Rafael is right!
After a group of investors offered to sponsor a fight to submission with no time limit between the champions Rafael Mendes and Rubens “Cobrinha” Charles, there was a small and short-lived upheaval in the world of jiu-jitsu. The rivalry between two high-level athletes stirred the younger practitioners, and the possibility of a return to jiu-jitsu’s origins, when the submission was the only thing that mattered, thrilled the older and more experienced.
However, the excitement quickly cooled when Rafael publicly called for a larger purse. Cobrinha, as expected, had already accepted the offer, and not because the opponent would be Rafael – demonstrating the difference I still see separating the two – but simply because of the challenge, the opportunity to once again test his limits. This is the motivation of true champions and great fighters. If he were offered a fight with a distinguished champion like Royler, Feitosa, or Shaolin, among others, I have no doubt what his answer would be.
To triumph as the current champion is a significant feat, but for that champion to then label himself number one is a grave mistake. There is a chasm of difference between reigning as the current champion and becoming number one, the honor of which is only established over a long period of time.
As a professor, I tried to see the issue from the other side, to imagine how I would react. Though of course I may be biased, it wasn’t hard for me to find a similar situation – if not exactly the same – in my own experience. In the last world championship, my student, Bernardo Faria, current European, Brazilian absolute and Pan American absolute champion, beat none other than the four-time world champion Xande Ribeiro. (This makes the circumstances equal, though let’s not forget Xande’s two additional absolute titles). If investors offered us the opportunity of a submission only fight with Xande, our answer would be YES, and we would feel extremely honored. I would never miss the chance to help my athlete develop through such a special challenge, an opportunity of which most can only dream.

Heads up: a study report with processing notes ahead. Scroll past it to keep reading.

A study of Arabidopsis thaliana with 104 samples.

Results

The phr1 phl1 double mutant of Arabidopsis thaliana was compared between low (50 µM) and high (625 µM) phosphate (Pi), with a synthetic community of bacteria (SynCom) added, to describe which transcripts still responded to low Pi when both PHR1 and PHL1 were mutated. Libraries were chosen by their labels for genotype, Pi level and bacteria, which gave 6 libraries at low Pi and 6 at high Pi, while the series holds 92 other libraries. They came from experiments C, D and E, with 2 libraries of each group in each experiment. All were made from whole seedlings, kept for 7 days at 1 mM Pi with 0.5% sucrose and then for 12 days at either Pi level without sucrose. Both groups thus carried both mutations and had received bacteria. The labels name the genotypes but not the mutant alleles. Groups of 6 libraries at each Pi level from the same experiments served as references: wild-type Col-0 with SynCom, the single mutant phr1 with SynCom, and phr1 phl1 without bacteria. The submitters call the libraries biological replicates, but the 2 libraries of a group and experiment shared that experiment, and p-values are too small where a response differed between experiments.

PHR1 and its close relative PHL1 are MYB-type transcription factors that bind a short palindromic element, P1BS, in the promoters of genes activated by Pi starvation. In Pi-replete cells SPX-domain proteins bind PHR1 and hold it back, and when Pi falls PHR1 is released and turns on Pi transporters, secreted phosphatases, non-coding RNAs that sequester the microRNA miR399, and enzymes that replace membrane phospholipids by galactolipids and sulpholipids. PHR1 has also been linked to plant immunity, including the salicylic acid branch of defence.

The fight between Rafael and Cobrinha will probably never take place, which is, first of all, a huge loss for the entire sport. Can you imagine if this type of fight proved itself commercially viable? It could mean the professionalization of jiu-jitsu, something we all fervently wish for and struggle to bring about. For the sake of the sport, let’s agree that $10,000 is a fine sum for a gi fight of this kind, and that the offer is both fortuitous and timely given the current phase of jiu-jitsu.
However, it seems most likely that true challenge is still less important to the current champion than strategy and gamesmanship. Rafael is already extremely talented and has much development and evolution ahead of him, so maybe in time this attitude will change, his motivations will shift, or maybe not… For now, the world championship title (deserved, let’s say in passing) and a few other victories by advantage points are enough to satisfy him, and from this point of view, he is absolutely right to refuse the fight.